Businessworld outsells Business Today in Top 8 metros, according to ABC, July-Dec 2002

By , agencyfaqs! | In | April 30, 2003
While Business Today is still ahead in terms of overall average - 1.21 lakh compared to Businessworld's 1.10 lakh - the weekly business magazine took a lead in the crucial metro markets

After staying out of the Audit Bureau of Circulation (ABC) for three years, Businessworld has made a forceful re-entry with exit figures of 1.27 lakh, ahead of its rival Business Today (exit figures: 1.22 lakh) for the period July-December 2002. Businessworld had an entry figure of 1.01 lakh compared to Business Today's 1.22 lakh for the period under consideration. This, claims the Businessworld marketing team, proves that Businessworld's circulation is growing while Business Today has more or less stagnated at the same levels.

While Business Today is still ahead in terms of overall average - 1.21 lakh compared to Businessworld's 1.10 lakh - the weekly business magazine took a lead in the crucial metro markets. Points out Ravinder Dang, product manager, Businessworld, "If the total circulation of the top five markets (from the point of view of advertisers or media planners) - Delhi, Mumbai, Kolkata, Chennai and Bangalore - is taken into account, we are ahead of Business Today." The cumulative circulation figure of Businessworld in these five cities stands at 62,951, against Business Today's 61,859.

Meanwhile, Business Today associate publisher (impact & marketing), Barun Das, told agencyfaqs!, the ABC entry and exit figures mattered little as the fortnightly lead in the overall average and in the readership surveys as well. "Advertisers go by readership," he said.

On their part, Businessworld officials point to the fact that the magazine outsells Business Today in the Top 8 cities. While the total circulation in the top eight metros - Delhi, Mumbai, Kolkata, Chennai, Bangalore, Hyderabad, Ahmedabad and Pune - of Businessworld stands at 76,581, that of Business Today is 73,268. To be specific, Businessworld outsells Business Today in Mumbai, Chennai, Bangalore and Hyderabad, while the latter leads in the markets of Delhi, Kolkata, Ahmedabad and Pune.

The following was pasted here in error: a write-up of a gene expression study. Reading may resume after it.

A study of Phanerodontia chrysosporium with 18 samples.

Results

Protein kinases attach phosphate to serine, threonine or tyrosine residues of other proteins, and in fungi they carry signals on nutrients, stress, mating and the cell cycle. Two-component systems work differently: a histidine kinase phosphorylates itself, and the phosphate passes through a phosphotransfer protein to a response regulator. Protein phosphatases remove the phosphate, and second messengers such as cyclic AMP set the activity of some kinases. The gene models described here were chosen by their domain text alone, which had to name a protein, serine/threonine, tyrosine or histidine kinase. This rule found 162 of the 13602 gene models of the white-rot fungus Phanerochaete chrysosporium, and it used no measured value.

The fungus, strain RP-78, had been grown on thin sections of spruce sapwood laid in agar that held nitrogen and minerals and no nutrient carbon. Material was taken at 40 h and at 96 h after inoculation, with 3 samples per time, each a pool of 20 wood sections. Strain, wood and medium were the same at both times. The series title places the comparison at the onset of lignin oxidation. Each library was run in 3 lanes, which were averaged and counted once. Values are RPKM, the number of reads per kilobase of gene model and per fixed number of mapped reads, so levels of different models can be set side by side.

Registering a higher circulation than Business Today seems to be a vindication of sorts. The decision of Businessworld to be absent from the ABC ("for historical reasons", as a senior company official puts it) was an opportunity well exploited by competition, say BW executives. "Competition tried to raise doubts (about our circulation figures), which of course had to be checked. We felt the need to get back to ABC to quell all doubts," says Dang.

Armed with the ABC figures, Businessworld plans to go on an overdrive to communicate their new lead to advertisers. On the roll is a direct communication exercise to promote the latest ABC certified figures. Also in the pipeline is a campaign to promote the Businessworld brand.

The growth in the circulation is an outcome of the continuous efforts of the editorial and marketing teams, say Businessworld officials. The brief for the marketing team at Businessworld was pretty clear: Reach the people who count. In that context, the weekly has put in a considerable amount of effort in the last one year to "create a buzz around the brand" and reach "the relevant SEC A and B population". To this end, Businessworld organised the 'Most Respected Company Awards' in Mumbai in January this year, which, company officials claim, received a fantastic response. Before that, in Kolkata, the group organised the 'Infocom 2002' event in association with NASSCOM. Another major event lined up by the magazine is the Businessworld NID (National Institute of Design) Design Awards, which will be hosted this June in Delhi.

In the last one year, Businessworld has also come out with special publications to reach out to specific audiences. To reach out to the management graduates and to those with a management bent of mind, Businessworld released the Case Study Special and the Mega B-School Guide earlier this year. In the pipeline is a special marketing reference book called the Businessworld Marketing White Book 2003-04.

Talking about the improvements made to the weekly, Tony Joseph, consulting editor, Businessworld, said, "We have made use of the weekly-ness of the product more effectively in recent times." He added: "We have become the agenda setter in the Indian business community. That has begun showing in the figures." © 2003 agencyfaqs!